Product Added : January 22nd, 2013
Category : Software
"This Best Selling Windows 8 System Builder DVD 64-Bit Tends to SELL OUT VERY FAST! If this is a MUST HAVE product, be sure to Order Now to avoid disappointment!"
Windows 8 System Builder is for pre-installation on a new personal computer or installation on a computer that is not currently running Windows 7, Vista, or XP. This product is not an upgrade and does not provide solutions to help you keep personal settings or files as the product is installed. Windows 8 System Builder DVD 64-Bit can be installed on personal computers with a 64 bit capable processor.
The new Windows 8 start screen is your personalized home for items you use the most and can be customized according to your user preferences. Windows 8 Live tiles provide real-time updates from your Facebook, Twitter, and e-mail accounts. Along with the new Start screen, the lock screen now includes e-mail, calendar, and clock widgets.
To access your PC, Microsoft has replaced a standard PIN or password with a swipe gesture; unlock your PC by clicking or swiping preset locations you’ve selected on the lock screen. New functions also allow you to search for your favorite software programs, open, close, hide, resize, or run multiple apps simultaneously with the swipe of a finger or a swipe of the mouse.
Windows has also made changes to make your PC more secure by boosting its existing security features and adding "SmartScreen," which acts to prevent suspicious programs or apps from being installed or running on your machine. Finally, Windows 8 also gives you the ability to "refresh" itself to give users a new starting point and a cleaner version of Windows.
System Requirements 1 GHz processor 2 GB RAM 20 GB available hard disk space 1366 × 768 screen resolution DirectX 9 graphics processor with WDDM driver
Additional Requirements to Use Certain Features Internet access (fees may apply) For touchscreen, you need a tablet or a monitor that supports multi-touch Microsoft account required for some features Watching DVDs requires separate playback software Windows Media Center license sold separately To snap apps, you need a screen resolution of at least 1366 x 768
First let me say I’ve never done a Windows “upgrade”. By that I mean install the latest OS on top of the current one. It may not be a big issue these days, but old habits die hard and I just prefer to start with a clean slate.
That said the install went flawlessly. Windows 8 was up and running in 15 minutes, a marked improvement from previous versions. And booting into Windows from a cold boot takes about 10 seconds, another great improvement.
But let’s talk about the most critical issues of Windows 8. While I applaud Microsoft for taking a risk and trying to blend their OS’s (desktop with portable), I do agree with others that there is room for improvement when it comes to a desktop system. Of course I’m referring to the Modern UI. For a desktop system it really is unnecessary, not because it’s really all that bad, but because you really don’t need full screen apps on a desktop system. But if you think of it as a launch pad for your most used applications, and want to keep a clutter free desktop, it works.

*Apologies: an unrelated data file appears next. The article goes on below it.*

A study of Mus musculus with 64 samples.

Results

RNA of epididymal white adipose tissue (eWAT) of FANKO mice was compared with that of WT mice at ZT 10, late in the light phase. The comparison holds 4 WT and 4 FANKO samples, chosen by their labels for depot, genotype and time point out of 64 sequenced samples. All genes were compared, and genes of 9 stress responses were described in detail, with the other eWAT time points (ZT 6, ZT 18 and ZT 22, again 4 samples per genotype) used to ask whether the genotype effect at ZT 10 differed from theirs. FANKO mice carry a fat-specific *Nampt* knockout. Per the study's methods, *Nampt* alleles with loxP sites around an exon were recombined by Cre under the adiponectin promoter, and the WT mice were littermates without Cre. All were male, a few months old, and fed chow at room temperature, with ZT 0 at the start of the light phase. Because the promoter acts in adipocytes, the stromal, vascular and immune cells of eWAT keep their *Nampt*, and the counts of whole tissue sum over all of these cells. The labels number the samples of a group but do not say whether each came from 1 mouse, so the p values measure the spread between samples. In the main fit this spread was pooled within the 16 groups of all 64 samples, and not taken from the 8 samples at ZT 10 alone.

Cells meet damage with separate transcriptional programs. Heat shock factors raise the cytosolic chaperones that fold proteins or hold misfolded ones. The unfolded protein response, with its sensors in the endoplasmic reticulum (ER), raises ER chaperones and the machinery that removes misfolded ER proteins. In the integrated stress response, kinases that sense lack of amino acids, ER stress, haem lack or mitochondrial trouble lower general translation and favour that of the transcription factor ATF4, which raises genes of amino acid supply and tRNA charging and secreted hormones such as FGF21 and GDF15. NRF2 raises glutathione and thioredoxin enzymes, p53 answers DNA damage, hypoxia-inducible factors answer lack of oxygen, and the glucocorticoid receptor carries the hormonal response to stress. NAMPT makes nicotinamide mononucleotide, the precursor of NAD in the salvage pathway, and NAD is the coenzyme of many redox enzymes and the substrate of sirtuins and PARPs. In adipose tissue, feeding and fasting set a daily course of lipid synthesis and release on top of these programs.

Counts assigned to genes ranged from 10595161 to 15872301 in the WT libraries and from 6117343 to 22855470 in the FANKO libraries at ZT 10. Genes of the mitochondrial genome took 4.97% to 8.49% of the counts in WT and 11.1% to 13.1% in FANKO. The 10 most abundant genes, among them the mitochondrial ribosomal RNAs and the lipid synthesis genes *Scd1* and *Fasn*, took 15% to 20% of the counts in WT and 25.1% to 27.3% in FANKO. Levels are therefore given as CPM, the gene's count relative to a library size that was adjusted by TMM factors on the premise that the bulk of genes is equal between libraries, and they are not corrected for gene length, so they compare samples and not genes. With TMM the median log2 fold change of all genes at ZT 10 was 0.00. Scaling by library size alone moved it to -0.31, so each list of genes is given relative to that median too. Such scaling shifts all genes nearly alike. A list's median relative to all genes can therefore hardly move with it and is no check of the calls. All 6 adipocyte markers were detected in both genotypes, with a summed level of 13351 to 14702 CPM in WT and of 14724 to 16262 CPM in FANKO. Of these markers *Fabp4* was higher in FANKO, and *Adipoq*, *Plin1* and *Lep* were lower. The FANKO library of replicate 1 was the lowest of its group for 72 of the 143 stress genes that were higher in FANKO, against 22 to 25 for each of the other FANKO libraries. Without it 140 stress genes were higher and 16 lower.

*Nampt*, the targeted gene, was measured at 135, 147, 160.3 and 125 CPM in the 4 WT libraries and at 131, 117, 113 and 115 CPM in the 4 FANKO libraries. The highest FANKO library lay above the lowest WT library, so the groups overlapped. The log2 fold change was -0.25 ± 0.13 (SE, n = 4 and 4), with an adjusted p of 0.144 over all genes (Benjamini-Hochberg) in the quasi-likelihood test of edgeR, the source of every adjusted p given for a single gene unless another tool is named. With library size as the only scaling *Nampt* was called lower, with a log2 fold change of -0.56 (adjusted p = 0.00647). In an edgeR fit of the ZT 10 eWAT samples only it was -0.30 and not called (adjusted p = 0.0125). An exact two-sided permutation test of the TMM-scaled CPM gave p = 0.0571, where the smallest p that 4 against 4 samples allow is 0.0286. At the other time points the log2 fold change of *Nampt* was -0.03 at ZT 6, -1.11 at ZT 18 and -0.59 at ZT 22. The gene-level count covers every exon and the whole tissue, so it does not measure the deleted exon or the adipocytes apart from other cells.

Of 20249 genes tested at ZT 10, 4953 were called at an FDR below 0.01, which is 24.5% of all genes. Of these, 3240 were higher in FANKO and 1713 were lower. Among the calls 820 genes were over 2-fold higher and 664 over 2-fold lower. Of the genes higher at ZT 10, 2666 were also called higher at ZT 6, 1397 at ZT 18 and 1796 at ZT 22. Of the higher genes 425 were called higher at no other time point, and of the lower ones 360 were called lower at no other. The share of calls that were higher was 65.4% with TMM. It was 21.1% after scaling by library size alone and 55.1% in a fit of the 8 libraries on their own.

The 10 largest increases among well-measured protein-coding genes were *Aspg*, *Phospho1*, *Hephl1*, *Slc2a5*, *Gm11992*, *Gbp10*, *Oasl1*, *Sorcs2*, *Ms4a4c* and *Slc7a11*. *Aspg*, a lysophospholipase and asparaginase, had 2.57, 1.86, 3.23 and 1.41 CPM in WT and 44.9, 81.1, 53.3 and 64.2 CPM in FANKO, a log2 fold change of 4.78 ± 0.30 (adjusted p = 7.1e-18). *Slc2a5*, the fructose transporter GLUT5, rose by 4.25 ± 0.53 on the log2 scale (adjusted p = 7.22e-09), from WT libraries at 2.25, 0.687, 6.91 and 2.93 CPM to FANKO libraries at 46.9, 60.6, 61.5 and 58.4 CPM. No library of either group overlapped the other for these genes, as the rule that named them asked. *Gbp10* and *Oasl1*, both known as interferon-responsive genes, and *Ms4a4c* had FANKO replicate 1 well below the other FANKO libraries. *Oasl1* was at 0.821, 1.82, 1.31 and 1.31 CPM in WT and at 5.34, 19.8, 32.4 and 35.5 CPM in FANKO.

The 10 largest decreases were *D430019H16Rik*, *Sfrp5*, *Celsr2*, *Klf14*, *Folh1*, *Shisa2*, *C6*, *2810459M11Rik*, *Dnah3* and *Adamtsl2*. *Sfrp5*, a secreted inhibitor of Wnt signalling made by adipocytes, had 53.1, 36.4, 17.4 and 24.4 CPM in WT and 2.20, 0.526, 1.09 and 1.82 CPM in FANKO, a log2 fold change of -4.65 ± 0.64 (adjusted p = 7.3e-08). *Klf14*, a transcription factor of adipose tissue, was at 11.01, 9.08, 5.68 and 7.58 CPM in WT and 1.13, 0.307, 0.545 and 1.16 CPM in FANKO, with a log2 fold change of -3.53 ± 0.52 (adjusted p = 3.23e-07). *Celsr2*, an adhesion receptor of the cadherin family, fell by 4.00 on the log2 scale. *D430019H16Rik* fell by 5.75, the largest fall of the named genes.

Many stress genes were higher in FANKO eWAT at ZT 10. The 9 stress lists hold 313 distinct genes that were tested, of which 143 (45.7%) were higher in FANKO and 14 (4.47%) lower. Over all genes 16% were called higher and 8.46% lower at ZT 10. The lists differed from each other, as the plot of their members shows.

The other major criticism is removing the Start button. It is strange to remove something that’s been a staple of Windows since Windows 95. It’s what people know and use, regardless of it’s practicality. That said, most of what you did with the Start button is easily accessible with a few simple steps. If you drop make into the Modern UI and just start typing the name of the product you’re looking for it appears. Windows-X brings up several commands more advanced users might need (Command Prompt with Admin Access, Control Panel, etc.). Want to search for a program on your computer or in the Windows Store? Simply type Windows-C or go to the Charm Bar by moving your mouse to the upper-right corner.
Now, if you despise the Modern UI and really want the Start button then there are options for you. While you can’t remove it completely you can bypass it. There are a slew of programs out there that can drop you to the desktop and re-instate the Start button so you get the power boost of Windows 8 while minimizing the more visual changes Microsoft implemented. A free program called Classic Shell exists that will put the Start button back. It gives you a slew of “skins” that can make the Start Menu look like Windows 7, Vista, XP, 95… whatever you want. I don’t know if it has the ability to drop you to the desktop though. If not, I’m willing to be they’ll add that option soon.
A commercial program I like and use called Start 8 is also available. It doesn’t give you the wide range of skins Classic Shell does, but it does give you the Start Menu with a Windows 8 flare, or reverts it to something more like Windows 7. This program also bypasses Metro completely, disables the hot corners, and more. It’s worth the $5.
So the big question is Windows 8 a needed upgrade? No. But should you? I think yes for several reasons: it’s less resource intensive (i.e. snappier), and it’s more secure, another big plus. And for the price (at least for the time being) you really can’t beat the upgrade.